I have an affliction. I become attached to the smallest items. My house is brimming with stuff, and every piece, every clipping, vase, trinket, knickknack has a story. I can tell you how each of these came into my possession, who gifted me, where I was when I found it in a shop while traveling. I am surrounded in a multitude of personal history icons and talismans.
In 1971, I started college. I was predominantly self-funding my education, with a small state scholarship, the tips I had saved from working in the neighborhood diner for 2 years, and a modicum of funds from my birth father, who objected to the notion of a college education. As he saw it, I should have either gone to work at IBM, where he could have set me up with an entry-level position, or enlist in the Air Force, since he served as a master sergeant in the Air National Guard. Neither of these options were viable choices for my temperament.
I sorted through my bedroom to pack what I would need for my first semester. I started a list of necessary items provided by Student Affairs, including a desk lamp. I had a limited budget, of course, and found a reasonably priced, crane-like lamp in red, my favorite color, and added it to the pile. That lamp has been a part of my life since, and for the last 20 years, has been clamped to the corner of the desk in my second-floor home office.
A couple of years ago, I noticed sometimes the lamp hissed at me when I turned the switch. Sometimes it was a slight sizzle, but it would stop so quickly that I dismissed it as merely temperamental. But this spring, as I started to work at home, the sizzling concerned me. I fear house fires; since my home is 130 years old, and filled with all this stuff, I stopped using the lamp in the interest of safety, yet left it standing guard of its corner.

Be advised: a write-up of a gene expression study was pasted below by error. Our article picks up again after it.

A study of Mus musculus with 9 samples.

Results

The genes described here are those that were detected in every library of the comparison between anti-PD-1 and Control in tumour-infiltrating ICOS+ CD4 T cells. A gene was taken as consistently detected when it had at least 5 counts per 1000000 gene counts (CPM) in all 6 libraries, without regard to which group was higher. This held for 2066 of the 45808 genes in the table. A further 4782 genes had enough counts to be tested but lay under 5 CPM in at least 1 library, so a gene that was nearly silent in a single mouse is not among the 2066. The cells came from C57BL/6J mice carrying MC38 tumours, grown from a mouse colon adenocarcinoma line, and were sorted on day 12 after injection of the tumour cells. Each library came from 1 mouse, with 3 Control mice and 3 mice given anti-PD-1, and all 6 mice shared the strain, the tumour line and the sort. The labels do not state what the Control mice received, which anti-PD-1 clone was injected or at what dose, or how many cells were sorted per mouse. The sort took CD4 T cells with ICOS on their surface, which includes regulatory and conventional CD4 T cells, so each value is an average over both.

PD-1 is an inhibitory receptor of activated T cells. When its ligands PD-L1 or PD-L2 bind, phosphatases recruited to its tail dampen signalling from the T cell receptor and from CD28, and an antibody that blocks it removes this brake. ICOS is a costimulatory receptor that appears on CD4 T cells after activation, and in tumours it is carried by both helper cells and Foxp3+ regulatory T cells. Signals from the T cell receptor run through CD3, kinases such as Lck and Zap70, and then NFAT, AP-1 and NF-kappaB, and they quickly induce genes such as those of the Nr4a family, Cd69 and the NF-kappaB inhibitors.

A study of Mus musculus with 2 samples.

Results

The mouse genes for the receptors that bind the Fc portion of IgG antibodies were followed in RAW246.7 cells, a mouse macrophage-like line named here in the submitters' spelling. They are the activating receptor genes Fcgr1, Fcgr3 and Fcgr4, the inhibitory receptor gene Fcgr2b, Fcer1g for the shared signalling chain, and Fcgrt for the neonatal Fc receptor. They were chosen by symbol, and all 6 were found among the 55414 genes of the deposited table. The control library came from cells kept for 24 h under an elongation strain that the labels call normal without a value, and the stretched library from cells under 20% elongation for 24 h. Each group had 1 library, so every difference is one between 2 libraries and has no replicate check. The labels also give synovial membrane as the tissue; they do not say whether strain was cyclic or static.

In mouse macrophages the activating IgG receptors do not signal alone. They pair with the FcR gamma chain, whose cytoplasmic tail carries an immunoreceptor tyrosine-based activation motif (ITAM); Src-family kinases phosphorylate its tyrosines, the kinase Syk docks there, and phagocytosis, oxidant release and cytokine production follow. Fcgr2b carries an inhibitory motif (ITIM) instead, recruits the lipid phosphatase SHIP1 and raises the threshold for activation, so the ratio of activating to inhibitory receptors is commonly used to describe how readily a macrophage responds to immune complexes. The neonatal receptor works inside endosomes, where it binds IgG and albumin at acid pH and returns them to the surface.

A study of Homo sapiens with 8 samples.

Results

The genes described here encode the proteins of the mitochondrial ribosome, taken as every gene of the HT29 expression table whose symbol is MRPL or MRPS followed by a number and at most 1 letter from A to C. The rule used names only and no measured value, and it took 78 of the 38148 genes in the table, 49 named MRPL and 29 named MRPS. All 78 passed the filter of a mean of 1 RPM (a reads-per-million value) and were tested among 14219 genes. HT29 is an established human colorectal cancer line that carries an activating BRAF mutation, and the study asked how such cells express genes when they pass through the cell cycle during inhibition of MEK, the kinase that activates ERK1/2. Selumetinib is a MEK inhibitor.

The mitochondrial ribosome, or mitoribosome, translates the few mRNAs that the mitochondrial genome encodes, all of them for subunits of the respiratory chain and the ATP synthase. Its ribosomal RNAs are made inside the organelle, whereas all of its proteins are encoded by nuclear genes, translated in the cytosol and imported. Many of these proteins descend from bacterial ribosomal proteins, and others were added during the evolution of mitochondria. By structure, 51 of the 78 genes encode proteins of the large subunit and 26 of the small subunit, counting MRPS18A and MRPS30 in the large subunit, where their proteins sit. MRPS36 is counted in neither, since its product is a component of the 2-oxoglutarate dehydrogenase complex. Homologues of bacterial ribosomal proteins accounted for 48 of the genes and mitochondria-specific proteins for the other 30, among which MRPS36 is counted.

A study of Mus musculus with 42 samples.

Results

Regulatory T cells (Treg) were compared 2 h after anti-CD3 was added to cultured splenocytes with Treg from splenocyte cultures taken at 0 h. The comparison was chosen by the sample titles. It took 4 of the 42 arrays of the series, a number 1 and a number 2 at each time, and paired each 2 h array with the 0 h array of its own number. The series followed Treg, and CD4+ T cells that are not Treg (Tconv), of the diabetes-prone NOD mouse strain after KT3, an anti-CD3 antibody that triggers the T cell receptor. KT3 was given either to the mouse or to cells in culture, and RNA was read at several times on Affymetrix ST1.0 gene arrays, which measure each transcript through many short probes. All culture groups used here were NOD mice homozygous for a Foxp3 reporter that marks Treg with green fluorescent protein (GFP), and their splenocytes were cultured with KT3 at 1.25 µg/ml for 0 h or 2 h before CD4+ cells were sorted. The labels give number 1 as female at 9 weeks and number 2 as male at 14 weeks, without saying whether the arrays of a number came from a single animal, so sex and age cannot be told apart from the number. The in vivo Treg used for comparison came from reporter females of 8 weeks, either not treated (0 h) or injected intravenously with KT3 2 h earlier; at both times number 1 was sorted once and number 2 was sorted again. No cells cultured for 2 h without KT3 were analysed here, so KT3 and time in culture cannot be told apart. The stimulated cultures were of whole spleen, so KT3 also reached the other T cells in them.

A friend suggested that I could perhaps take it apart and see if there was a short that could be easily fixed. I am up for a challenge most times so I finally spent an hour fiddling with it, only to make matters worse. I was defeated and knew there was no resurrection.
I tried to purchase a replacement but it is really hard to find these lamps anymore. They were once standard but now seem to be relics. Instead, I ordered two small ring lights, since I am on Zoom a good portion of any given week, and I have two other lovely lamps in the room. I took the dead lamp downstairs to carry to the curb, and couldn’t let it go out of the house for two weeks. Then, I finally gave in. Tuesday afternoon, as I took my recycling and trash cans to the curb for the Wednesday morning pick-up, I put the lamp on the top, hoping the metal pickers would retrieve it on their weekly swing through the neighborhood. If no one took it, it is now in the landfill. My ring lamps are not here yet, probably in a shipping container in Long Beach, waiting for distribution, and the trucks they will ride until delivered to my door.
I will confess, the small ceramic base of the fixture that I could not repair is on a shelf in my office next to a photo and some other knickknacks. I just could not give it all away yet.